Atmos Energy is one of the largest natural gas distributors in North America, serving 9 States and 1400 communities. Not only is it known for its ability to move natural gas fluidly throughout the communities it serves, but it’s also pretty good at delivering value to its shareholders. And, Atmos Energy has been able to deliver this value for a long time.
Check out this chart of Atmos Energy’s 20-year Annual Share Price returns:
If you don’t happen to have your calculator with you, let me indulge you. Atmos Energy’s average share price return per year over the last 20 years is a stout 8.80%. Not bad, but with inflation running hot, it’s not going to make you rich.
This is a great illustration of why you hold for the long-term. If you would have bought shares in year 5, then got tired of the lack of returns, and sold in year 7, you’d only be up +-5%. If you had bought in year 13, then sold in year 15, you’d be down +-34%. But, being patient and holding since 2003, would have rewarded you with an 8.80% Average return, each and every year.
Monetarily speaking.. a $10,000 investment made soon after the smoke cleared from Y2K; in 2003 to be exact, would now be worth a cool $47,510.11. Believe it or not, thats a 375.11% Capital Appreciation Rate. Not too shabby!
But, reinvest those dividends and the math looks even friendlier.
20-Year Annual Dividend Increase Average=4.66%
Here is the 20-year chart for Atmos Energy’s annual dividend payouts. Looks pretty flat for the first 10 years, then they must of had an epiphany, and decided to reward their shareholders. It was about time….ten years of flat dividend growth…No Bueno!
After management decided it was time to attract some new investors, by way of offering an annual increase on dividend payments, the returns got a little juicer. Which brings me to my TAR Report.
What is a TAR Report you ask?
TAR stands for ‘Total Aggregate Return’, which is a term I made up to represent the real ‘return on investment’ a stock delivers over a period of time. For long-term dividend investors, it’s these three variables you should ALWAYS look at in order to gauge how your investment is performing, they include:
If you’re not getting all three of these, in return for your hard-earned money, you’re getting short-changed.
Don’t get short-changed!
I’ll explain each variable separately; first Capital Appreciation.
Capital Appreciation is the amount your investment has increased over a specific time frame. For instance, the $10,000 investment in Atmos Energy previously discussed in 2003, is now worth $47,510.11 today. This is an increase of $37,510.11 or 375% over 20 years.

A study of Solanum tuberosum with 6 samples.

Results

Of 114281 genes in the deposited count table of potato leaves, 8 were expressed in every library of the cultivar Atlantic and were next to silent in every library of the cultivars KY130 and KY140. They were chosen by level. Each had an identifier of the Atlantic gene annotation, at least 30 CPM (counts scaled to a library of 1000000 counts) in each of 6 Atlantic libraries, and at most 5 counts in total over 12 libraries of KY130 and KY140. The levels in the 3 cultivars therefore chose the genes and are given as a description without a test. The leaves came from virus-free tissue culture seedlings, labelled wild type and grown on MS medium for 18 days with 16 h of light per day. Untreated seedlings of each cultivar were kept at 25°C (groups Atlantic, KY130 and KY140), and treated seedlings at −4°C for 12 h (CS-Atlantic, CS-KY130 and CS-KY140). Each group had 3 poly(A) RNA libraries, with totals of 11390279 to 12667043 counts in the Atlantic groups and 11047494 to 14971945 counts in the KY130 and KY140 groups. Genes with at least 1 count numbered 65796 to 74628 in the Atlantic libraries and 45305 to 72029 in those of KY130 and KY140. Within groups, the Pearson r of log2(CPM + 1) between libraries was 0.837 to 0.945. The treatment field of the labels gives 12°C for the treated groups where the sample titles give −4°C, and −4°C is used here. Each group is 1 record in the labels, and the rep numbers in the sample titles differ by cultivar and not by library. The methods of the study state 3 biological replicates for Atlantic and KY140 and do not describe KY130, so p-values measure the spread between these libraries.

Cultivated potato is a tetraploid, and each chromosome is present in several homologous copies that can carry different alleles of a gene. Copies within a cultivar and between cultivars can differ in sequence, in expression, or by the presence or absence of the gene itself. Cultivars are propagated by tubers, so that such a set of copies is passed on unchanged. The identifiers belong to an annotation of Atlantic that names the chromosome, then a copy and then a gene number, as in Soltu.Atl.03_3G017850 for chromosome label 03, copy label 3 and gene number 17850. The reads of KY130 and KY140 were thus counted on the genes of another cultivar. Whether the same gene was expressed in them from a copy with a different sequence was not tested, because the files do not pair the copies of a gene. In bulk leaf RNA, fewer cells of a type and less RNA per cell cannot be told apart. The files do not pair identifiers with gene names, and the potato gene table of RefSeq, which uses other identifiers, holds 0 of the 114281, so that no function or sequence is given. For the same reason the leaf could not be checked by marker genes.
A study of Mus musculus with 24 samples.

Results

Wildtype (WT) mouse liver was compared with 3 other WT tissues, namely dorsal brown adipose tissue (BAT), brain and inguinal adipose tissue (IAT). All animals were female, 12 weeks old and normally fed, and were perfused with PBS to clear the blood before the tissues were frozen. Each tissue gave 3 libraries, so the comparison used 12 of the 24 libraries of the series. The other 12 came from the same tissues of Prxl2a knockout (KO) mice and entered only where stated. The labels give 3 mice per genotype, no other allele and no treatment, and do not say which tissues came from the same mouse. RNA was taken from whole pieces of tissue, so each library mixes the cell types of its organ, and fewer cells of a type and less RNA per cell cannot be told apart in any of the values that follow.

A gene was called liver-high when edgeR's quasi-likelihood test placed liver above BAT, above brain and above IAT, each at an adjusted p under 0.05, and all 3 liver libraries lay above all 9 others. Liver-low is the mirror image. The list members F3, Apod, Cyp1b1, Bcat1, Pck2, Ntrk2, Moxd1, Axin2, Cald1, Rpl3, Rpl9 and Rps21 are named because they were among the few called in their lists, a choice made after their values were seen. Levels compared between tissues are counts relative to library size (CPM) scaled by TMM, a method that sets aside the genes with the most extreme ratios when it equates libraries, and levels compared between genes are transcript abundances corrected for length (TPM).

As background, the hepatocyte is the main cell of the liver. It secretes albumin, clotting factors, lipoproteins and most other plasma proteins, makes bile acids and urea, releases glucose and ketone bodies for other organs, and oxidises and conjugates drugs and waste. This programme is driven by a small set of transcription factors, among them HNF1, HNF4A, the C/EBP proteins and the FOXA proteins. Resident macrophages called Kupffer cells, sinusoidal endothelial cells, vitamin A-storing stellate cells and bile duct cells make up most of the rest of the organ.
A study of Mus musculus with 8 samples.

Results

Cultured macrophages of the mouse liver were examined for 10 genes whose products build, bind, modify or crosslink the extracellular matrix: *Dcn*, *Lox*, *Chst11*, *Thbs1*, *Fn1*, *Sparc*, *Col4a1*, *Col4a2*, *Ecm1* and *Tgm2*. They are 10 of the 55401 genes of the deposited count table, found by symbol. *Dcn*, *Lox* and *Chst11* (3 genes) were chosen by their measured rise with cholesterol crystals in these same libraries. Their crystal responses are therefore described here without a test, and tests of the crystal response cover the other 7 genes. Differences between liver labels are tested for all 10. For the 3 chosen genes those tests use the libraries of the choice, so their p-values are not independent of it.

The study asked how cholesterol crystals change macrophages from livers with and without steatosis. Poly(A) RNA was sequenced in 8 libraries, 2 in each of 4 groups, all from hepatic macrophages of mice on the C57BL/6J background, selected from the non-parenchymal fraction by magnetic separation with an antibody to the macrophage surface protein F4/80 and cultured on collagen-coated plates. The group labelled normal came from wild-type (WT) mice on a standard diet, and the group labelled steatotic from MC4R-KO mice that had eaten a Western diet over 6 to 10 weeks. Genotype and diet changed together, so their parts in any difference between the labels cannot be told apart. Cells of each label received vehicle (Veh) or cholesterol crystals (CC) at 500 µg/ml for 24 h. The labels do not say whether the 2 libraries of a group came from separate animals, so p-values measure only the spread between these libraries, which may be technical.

But, we certainly cannot rely solely on Capital Appreciation, because it may just not deliver….
Capital Appreciation is too dependent on extenuating circumstances, things like the global economic environment, the political landscape, and short-term market blips can pose a threat to Capital Appreciation. As a result, Capital Appreciation should only be considered ‘one leg of the stool’.
Dividend Income, the whole reason we invest right? INCOME! Well, partly…But, it’s the second leg of the ‘stool’, because without dividend income, it’s just a game of ‘greater fool theory’. ‘Greater Fool Theory’ is the act of purchasing something with the hope that someday you can sell it to someone else ‘the fool‘ for more than you paid for it. Long-term investors should be investing for income, along with the hope of an increase in the assets value.
Dividend Growth….. The 3rd and final leg of the ‘investment stool’. Ideally as a dividend investor, we’d like to see the payment we receive on our investment, go up from year to year. If for no other reason, not that as investors we’re greedy or anything, but just to keep up with inflation. I look for long-term consistency with regard to dividend growth.
You want to talk about a model of dividend growth consistency, Check out this
Dividend Growth Chart of Coca-Cola.
Year in and Year out, Coca-Cola rewards it’s shareholders with an increase in dividends. In fact in the last 20 years the average increase in dividend payments from one year to the next, is 7.91%. I’ll take a pay raise of 7.91% every year!
So, ‘TAR’ or Total Aggregate Return is the overall percent of return you’d have earned by holding a stock for a certain period of time. In looking at our case study of Atmos Energy, if you bought shares back in 2003 and were still holding them today, and reinvesting the dividend payments your total return would be; a very healthy 658.46%. Perhaps there are better investments out there in say; real estate or crypto, but if you’re into investing for the income, then looking for assets like Atmos Energy should be right in your Wheel-house!